Israel needs some reassurance. With the U.S. having pinned new Mideast peace efforts on persuading Israel to freeze settlements and endorse the goal of a two-state solution, it’s not surprising that Bibi was looking for – and apparently got – a sign that the U.S. will not stand idly by while Iran threatens the Jewish state’s very existence.
Nevertheless, questions remain about U.S. and Israeli obligations and commitments.
On the issue of settlements, Israel has already agreed not to build new settlements, and the prime minister has not called that agreement into question. But the U.S. made certain commitments as well. Under President Bush, the United States indicated that large settlement blocs would remain under Israeli control in future peace deals.
How does a country hold onto a settlement without maintaining its infrastructure? How, in the words of Shimon Peres, does a government stop the “natural growth” of a populated area? After all, said Peres, “Israel cannot instruct settlers in existing settlements not to have children or get married.”
Clearly, this situation requires further clarification.
Another question: What if Iran agrees to comply with the requirement that it limit its nuclear program but does not allow independent monitors into the country to confirm that it has, in fact, done so? In the face of the Iraq invasion – and our fruitless search for nonexistent weapons of mass destruction there – do we have the political will to go into another country on a similar mission?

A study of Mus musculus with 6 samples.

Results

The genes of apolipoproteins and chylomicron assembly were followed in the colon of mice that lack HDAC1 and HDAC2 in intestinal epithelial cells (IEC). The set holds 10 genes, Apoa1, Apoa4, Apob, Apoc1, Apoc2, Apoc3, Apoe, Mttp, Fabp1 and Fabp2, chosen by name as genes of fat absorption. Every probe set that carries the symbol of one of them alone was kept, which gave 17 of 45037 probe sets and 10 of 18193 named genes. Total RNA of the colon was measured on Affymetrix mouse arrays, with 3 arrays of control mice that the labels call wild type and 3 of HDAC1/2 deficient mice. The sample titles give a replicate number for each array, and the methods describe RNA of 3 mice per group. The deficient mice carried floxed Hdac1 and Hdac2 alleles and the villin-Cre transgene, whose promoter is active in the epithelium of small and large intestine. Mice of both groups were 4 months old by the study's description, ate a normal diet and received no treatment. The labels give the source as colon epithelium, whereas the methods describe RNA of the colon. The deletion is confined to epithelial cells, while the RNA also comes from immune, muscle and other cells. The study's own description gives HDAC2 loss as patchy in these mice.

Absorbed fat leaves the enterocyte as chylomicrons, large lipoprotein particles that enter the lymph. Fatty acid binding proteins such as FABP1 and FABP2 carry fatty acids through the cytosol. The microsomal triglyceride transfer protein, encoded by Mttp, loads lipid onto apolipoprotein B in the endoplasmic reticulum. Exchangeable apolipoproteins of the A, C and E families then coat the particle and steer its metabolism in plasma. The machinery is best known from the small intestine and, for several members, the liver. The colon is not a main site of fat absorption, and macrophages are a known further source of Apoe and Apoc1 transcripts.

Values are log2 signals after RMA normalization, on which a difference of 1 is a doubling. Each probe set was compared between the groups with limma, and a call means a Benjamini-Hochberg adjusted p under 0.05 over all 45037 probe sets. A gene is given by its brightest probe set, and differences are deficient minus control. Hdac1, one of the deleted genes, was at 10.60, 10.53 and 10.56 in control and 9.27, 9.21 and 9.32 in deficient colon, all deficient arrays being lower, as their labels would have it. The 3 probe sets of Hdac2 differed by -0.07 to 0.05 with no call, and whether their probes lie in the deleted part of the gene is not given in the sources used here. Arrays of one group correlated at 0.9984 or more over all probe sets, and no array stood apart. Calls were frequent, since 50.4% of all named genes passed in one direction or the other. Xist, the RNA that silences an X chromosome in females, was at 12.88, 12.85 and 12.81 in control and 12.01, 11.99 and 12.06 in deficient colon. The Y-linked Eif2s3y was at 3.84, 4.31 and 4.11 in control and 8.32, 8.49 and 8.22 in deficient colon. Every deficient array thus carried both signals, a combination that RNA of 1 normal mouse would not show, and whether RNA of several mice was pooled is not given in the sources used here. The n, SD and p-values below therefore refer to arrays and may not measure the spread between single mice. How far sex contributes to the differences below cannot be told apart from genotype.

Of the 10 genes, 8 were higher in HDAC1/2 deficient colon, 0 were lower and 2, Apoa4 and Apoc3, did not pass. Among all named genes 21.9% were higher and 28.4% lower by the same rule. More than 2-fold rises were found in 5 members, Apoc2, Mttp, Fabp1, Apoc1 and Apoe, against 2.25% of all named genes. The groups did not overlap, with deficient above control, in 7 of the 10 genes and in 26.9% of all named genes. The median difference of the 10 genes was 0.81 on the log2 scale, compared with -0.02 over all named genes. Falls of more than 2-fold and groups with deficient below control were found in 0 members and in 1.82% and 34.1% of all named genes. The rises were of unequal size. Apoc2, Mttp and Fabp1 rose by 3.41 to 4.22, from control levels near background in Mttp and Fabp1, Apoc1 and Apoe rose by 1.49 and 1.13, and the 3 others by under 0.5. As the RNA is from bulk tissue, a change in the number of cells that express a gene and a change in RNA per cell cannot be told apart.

Even supposing, as President Obama suggests, that an Israeli-Palestinian accord would help secure regional support in the face of Iranian aggression, could we really expect Egypt, Jordan, and Saudi Arabia to send troops into Iran? And if Hezbollah, heavily financed by Iran, were to attack Israel simultaneously, would the new coalition of the willing rally to Israel’s defense?
Netanyahu – though loath to utter the phrase “two state solution” – has implicitly accepted it by voicing his commitment to the Oslo accords. Have his Palestinian counterparts accepted it as well? And if the Arab unity talks do not yield a clear statement that Israel has a right to exist, will the new regional coalition demand it?
Israel is being asked to trust her neighbors. One can forgive her skepticism and understand her asking for something in return. We are hopeful that the United States, a proven friend of the Jewish state, will understand Israel’s concerns as it embarks on yet another quest for peace.